AUGUSTA — Members of Maine’s congressional delegation denounced the Trump administration’s withdrawal of U.S. troops from areas along the Syrian-Turkish border on Monday, warning that the move could harm important Kurdish allies and threaten U.S. national security.

The Trump administration’s decision was roundly criticized by Democrats and Republicans in Congress. Many of those critics – including members of Maine’s congressional delegation – expressed particular concerns about the fate of Kurdish troops that have been valuable U.S. allies in the fight against the Islamic State but that Turkey regards as terrorists.

Sen. Angus King, an independent, called the withdrawal “a harmful mistake” that could endanger Kurdish troops while undermining this country’s credibility with other allies. He called on Trump to immediately revisit the decision.

“The world must know America will stand with those who fight valiantly alongside us; if our word is not our bond, our ability to attract allies and partners in the future will be seriously compromised,” King, who serves on the Senate Armed Services Committee, said in a statement. “The decision to leave our Kurdish partners at the mercy of the Turks is a moral and strategic mistake that undermines America’s trustworthiness in the eyes of the global community and makes it far less likely that we will be able to enlist allies and partners in future conflicts important to our national security. If this is the way we treat those who gave up their lives in our fight against ISIS, who will heed our call the next time we need help and support? This is not America First – it is America Alone. “

Republican Sen. Susan Collins called the move “terribly unwise.”

“This is a terribly unwise decision by the president to abandon our Kurdish allies, who have been our major partner in the fight against the Islamic State,” Collins, who serves on the Senate Appropriations Defense Subcommittee, said in a statement.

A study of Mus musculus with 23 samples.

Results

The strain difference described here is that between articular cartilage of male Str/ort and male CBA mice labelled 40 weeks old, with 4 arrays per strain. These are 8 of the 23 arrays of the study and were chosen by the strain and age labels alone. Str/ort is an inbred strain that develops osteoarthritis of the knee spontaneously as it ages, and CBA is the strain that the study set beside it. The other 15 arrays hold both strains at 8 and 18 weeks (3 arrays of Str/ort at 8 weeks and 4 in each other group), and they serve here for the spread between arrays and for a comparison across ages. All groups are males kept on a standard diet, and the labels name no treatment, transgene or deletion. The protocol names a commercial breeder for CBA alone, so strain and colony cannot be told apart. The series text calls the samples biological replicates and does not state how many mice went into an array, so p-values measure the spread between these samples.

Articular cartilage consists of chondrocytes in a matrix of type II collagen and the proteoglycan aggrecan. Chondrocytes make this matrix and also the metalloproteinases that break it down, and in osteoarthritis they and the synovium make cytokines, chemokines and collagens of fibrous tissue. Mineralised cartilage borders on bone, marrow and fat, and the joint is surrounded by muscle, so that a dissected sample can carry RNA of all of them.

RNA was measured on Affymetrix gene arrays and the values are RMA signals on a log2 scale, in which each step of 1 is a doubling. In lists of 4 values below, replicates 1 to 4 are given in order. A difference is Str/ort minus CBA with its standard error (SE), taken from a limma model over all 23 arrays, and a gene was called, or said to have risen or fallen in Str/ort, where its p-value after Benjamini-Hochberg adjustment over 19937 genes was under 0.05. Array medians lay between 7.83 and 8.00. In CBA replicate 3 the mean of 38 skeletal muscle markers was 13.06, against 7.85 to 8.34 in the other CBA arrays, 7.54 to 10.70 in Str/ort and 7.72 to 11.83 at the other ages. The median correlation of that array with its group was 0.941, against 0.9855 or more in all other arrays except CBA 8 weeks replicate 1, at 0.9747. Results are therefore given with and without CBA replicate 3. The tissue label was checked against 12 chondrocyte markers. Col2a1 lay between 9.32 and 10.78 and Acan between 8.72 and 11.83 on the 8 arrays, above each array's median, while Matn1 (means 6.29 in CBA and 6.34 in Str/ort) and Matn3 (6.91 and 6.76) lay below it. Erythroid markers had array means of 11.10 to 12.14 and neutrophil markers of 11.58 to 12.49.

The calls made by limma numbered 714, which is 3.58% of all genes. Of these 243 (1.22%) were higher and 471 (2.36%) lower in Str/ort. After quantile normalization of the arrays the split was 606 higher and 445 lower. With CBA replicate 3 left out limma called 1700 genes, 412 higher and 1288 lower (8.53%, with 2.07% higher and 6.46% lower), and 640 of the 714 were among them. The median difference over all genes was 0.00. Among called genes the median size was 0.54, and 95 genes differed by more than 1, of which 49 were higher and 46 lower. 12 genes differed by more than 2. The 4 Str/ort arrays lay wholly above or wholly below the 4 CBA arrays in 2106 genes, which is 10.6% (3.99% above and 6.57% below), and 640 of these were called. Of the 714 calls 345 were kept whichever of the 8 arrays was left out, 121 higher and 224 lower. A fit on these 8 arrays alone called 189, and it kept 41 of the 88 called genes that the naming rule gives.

Rep. Chellie Pingree, D-1st District, portrayed the decision as another impulsive and uninformed move by the Trump administration.

“President Trump’s impulsive decision to remove troops from northern Syria is a reckless reversal of American foreign policy,” Pingree said in a statement. “Without consulting military leaders, he has advanced the interests of Russia, Iran, and Turkey’s strongman president, not the United States. This is yet another instance where the president has jeopardized relationships with our allies around the world and intensified an already volatile situation.”

Rep. Jared Golden, D-2nd District, also questioned the wisdom of the administration’s decision.

“The situation in Syria is complex, but this much is clear: the president’s decision to abandon one of our critical allies via a middle-of-the-night press release is misguided and may only further destabilize an already volatile region,” Golden said in an emailed statement.

The U.S. troop withdrawal began early Monday hours after the White House announced it would not intervene in a Turkish offensive in areas of northern Syria that are controlled by Syrian Kurds. That was a dramatic shift from the previous policy of trying to prevent large-scale clashes between these two important U.S. allies in the region.

Last December, King had joined five senators, including four Republicans, in a letter that urged the Trump administration not to follow through on its proposal to withdraw troops from Syria. King and the other signees – Republicans Lindsey Graham of South Carolina, Joni Ernst of Iowa, Marco Rubio of Florida and Tom Cotton of Arkansas; and Democrat Jeanne Shaheen of New Hampshire – said such a move could embolden ISIS and Syrian President Bashal al Assad


“The withdrawal of American presence from Syria also bolsters two other adversaries to the United States, Iran and Russia,” the letter states. “As you are aware, both Iran and Russia have used the Syrian conflict as a stage to magnify their influence in the region.

“Any sign of weakness perceived by Iran or Russia will only result in their increased presence in the region and a decrease in the trust of our partners and allies. Your administration must not repeat the same mistakes that previous administrations have made and concede to these bad actors.”